The MorrisWhen it began:
The Morris, which includes many different styles of dancing, is one of the oldest customs of rural England. Its origins are unknown, the dancing traditions going so far back we cannot be certain of how and when they began, but Morris was active and recognised in the 15th Century, but exactly where and how much is not known.
Early records suggest a connection with May and Whitsun festivals, with Morris dancers involved in events set by the Church calendar, possibly as a way of bringing a popular entertainment under ecclesiastical control. For example, the style called "Molly Dancing" from the Eastern counties of England was always associated with the Church's Plough Sunday celebration and Plough Monday.
Over time the custom spread to other times of year, and in the 16th Century Morris became a fashionable entertainment for the Court and the aristocracy, with teams sponsored by the wealthy. From this upper-class popularity, the Morris spread more widely among the gentry, out of London and up the Thames Valley into the Cotswolds, and so further afield, becoming a pastime based in the villages, closely allied with village events.
What’s in a name?
The name "Morris" may be a corruption of "moorish", referring to either a style of dance, or to performers with blacked faces bringing an exotic style back to England in the time of the Crusades, though only certain styles of Morris have blackened faces.
There are other views, but whatever its origins, the Morris has been subject to many influences, changing and developing over the years.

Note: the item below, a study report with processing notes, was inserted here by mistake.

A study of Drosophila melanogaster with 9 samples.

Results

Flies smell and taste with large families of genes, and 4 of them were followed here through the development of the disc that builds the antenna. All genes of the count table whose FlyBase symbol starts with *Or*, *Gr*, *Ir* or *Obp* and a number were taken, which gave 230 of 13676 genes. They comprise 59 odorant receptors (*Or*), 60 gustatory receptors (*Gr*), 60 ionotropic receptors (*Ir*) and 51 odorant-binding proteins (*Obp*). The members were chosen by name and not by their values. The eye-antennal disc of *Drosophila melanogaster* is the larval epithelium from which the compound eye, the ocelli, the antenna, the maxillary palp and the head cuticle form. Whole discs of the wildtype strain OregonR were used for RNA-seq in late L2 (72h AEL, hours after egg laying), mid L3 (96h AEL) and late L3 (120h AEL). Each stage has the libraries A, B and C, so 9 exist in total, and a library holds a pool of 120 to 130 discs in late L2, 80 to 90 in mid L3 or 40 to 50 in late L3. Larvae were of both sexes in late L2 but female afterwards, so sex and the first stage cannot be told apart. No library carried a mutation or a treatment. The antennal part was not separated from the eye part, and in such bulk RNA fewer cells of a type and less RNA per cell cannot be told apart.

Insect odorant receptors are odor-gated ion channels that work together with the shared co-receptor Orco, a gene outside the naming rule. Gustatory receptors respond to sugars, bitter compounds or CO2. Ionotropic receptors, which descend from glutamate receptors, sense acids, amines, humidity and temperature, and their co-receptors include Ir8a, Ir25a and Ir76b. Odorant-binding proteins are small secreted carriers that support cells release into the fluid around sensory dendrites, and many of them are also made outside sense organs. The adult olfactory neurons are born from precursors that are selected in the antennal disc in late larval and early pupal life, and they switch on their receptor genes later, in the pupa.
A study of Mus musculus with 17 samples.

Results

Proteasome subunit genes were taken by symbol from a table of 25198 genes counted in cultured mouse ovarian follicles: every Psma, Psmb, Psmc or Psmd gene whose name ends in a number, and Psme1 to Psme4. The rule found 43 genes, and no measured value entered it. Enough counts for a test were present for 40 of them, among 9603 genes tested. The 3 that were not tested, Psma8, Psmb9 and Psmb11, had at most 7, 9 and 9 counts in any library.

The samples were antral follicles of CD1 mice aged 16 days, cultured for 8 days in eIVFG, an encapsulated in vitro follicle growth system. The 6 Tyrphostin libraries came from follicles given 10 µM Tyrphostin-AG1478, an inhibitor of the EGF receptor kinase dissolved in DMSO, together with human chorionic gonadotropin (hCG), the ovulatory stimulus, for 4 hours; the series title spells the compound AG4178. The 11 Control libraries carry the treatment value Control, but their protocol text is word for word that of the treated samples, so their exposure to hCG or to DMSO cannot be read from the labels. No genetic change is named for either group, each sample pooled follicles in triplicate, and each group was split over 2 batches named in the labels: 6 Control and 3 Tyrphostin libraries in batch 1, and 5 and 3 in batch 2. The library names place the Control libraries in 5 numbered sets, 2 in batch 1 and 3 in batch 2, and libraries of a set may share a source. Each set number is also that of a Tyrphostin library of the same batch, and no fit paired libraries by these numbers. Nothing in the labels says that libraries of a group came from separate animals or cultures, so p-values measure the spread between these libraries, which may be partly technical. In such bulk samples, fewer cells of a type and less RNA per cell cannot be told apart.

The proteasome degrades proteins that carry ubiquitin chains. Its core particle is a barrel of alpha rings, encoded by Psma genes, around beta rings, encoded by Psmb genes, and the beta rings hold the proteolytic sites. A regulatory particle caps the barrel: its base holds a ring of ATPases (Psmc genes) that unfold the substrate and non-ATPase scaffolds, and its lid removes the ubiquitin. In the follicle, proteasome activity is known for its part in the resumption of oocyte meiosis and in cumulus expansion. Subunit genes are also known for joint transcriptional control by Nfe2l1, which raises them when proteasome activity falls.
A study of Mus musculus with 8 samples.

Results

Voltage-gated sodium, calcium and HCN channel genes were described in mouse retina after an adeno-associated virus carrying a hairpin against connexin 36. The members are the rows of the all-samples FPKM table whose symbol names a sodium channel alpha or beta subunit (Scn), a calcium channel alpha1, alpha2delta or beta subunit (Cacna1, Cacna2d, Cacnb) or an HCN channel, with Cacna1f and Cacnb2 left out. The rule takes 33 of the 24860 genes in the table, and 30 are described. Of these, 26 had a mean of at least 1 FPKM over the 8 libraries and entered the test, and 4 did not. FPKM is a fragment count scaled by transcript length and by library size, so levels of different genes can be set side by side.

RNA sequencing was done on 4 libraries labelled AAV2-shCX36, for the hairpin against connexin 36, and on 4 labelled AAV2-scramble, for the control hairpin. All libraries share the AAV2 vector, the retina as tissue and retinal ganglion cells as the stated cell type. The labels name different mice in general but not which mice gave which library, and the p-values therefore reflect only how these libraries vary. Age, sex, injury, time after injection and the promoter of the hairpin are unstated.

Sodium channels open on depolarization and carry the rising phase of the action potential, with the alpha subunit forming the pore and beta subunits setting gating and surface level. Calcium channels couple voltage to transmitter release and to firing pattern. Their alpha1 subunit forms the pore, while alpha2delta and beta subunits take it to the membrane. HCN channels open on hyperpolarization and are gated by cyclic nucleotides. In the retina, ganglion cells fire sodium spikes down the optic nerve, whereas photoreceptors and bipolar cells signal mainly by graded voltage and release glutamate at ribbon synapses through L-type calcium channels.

Styles of Morris & Traditional Dance:
Different types of dance persist in different regions of the country, from the Sword dances of North East England and the Processional Clog Morris of the North West, to the Welsh Border counties of Worcestershire, Herefordshire and Shropshire, and the familiar South Midlands style known as Cotswold Morris, probably the most commonly performed.
Rapper Sword Dancers
Where modern Morris comes from:
Many Cotswold village teams had their own dances, but by the end of the 19th century Morris was in decline and many dances were lost as teams died out. It was only traditional music collector Cecil Sharp's chance encounter with the Headington Quarry men on Boxing Day 1899 which sparked a revival, as Sharp and later his colleagues noted dances and tunes from old dancers in the villages, and published them in a deliberate attempt to revive the tradition. The English Folk Dance Society, now the EFDSS, organised training and teaching during the first decades of the 20th Century.
The Morris Revival:
New teams began to appear under this initiative before 1939, but the major expansion came from an upsurge of interest during the Folk revival of the early 1970's, which led to the hundreds of all types of team dancing today.
North West Morris
Most of the men's teams like Anker Morris Men belong to the Morris Ring, formed in 1934 to further the fellowship and traditions of the Morris. Every year the Morris Ring sponsors several Meetings where usually ten or twelve teams get together to display the Morris to the public.
The revival produced many teams of women dancers, and mixed teams, who have their own national organisations, the Morris Federation and the Open Morris. Most teams join with others around the country for days and weekends of dance, as well as appearing at local venues as we do, and the Morris organisations co-operate to present a joint display annually, where teams from all three perform.
A Living Tradition:
Morris is not some sort of re-enactment frozen in time, for though it is based on firm traditions, researchers continue to collect and publish even now, and the dance continues to evolve as a living tradition, with new dances being created - it is not just a museum piece.
We hope you take pleasure in watching us and sharing in a living part of England's heritage.